Forklifts play a critical role in the day-to-day operations of your warehouse. When a forklift is down, this can have a significant effect on your productivity levels. Keeping your forklifts in good functioning order is the best way to avoid this. Recognizing when it's time to replace your forklift plays a key role in keeping your business on the right path.
Major Maintenance Concerns
One of the most telling signs that it's time to consider replacing your forklift is maintenance concerns. There are a number of key issues that should be perceived as warning signs, such as exposed or broken wires. Both of these issues offer an indication of an internal electrical issue.
While repairable, the cost to replace the electrical system can be more expensive than the value of the forklift. Another issue you don't want to ignore are fork blades that are distorted. With excessive wear, the blades may begin to bend or curve. Once this happens, it can make it more challenging to use the forklift efficiently, marking the need for a replacement.
Hours Of Usage
The lifespan of a forklift can often be measured in hours. Manufacturers generally offer a general idea as to the average lifespan of the forklift, such as 9,000 to 11,000 hours. Typically, as long as you properly maintain the forklift, you should get at least this much use out of it.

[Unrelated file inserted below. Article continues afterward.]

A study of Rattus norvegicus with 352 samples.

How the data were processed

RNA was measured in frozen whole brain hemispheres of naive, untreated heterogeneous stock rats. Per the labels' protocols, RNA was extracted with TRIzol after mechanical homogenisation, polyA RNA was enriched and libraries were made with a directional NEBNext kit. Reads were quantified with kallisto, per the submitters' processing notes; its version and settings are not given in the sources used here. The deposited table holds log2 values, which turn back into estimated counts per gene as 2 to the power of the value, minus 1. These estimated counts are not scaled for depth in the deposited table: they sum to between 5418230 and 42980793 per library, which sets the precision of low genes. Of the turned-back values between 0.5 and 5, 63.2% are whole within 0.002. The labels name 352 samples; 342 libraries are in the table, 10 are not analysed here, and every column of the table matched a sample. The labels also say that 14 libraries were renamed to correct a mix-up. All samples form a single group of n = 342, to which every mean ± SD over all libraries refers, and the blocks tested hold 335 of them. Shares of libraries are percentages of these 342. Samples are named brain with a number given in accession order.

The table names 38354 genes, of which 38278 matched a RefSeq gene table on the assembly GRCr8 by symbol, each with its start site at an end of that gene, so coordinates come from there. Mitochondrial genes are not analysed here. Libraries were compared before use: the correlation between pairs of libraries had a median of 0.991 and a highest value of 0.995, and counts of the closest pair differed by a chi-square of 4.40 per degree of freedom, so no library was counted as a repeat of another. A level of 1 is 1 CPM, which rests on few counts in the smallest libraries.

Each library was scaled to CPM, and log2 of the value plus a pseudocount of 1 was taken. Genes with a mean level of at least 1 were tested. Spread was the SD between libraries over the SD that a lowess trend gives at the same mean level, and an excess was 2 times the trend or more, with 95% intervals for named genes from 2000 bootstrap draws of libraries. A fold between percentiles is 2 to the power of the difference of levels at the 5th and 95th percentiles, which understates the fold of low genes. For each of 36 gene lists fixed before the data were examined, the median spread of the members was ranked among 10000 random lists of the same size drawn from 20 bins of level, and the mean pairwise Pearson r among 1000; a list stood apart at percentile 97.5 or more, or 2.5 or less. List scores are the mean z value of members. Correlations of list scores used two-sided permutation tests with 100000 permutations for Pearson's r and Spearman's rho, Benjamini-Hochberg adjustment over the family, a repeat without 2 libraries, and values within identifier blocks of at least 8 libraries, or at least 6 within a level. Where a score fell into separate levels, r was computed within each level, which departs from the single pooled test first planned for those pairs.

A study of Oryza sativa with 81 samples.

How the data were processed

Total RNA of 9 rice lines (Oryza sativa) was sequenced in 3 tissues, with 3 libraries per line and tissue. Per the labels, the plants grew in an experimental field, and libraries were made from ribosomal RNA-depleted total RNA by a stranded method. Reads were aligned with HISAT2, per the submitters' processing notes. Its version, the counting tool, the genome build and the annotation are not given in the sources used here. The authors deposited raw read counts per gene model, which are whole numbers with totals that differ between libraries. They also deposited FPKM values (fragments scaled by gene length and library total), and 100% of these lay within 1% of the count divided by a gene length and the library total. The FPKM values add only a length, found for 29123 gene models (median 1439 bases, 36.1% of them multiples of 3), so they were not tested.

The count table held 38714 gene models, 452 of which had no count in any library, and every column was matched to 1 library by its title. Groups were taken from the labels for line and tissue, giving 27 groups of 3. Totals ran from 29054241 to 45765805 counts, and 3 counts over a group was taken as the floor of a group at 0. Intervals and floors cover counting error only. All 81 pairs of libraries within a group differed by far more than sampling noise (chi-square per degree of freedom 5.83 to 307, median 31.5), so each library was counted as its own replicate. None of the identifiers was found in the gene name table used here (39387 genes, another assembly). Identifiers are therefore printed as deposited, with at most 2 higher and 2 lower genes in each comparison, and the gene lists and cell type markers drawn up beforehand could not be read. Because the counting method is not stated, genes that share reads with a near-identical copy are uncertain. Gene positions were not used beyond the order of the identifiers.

It's important to note that the forklift isn't necessarily going to die once these hours expire, but it does offer at guideline for replacement. Once your forklift's hours of usage get close to this number, it's a good idea to start thinking about replacing the forklift before it does fail. Try to keep a log of usage to stay on top of the hours.
When the tires on a forklift fail, the problem isn't always superficial. In many instances, tire failure is just an outward sign of an internal issue. Take a tire that frequently goes flat, for example. This can often be an indication of a load shift issue.
While you're supposed to put loads on the forklift with the weight evenly distributed on each side, some forklifts also have built-in load shift systems that help balance out the weight. However, when this system fails, one side of the forklift may carry more weight than the other, resulting in more pressure being placed some of the tires, ultimately leading to the failure.
The more time you spend recognizing when it's time to replace your forklift, the less you have to be concerned with downtime. Make sure you are keeping this a priority in your warehouse. Talk to a dealer, like Independent Lift Truck Of Alaska, for more help.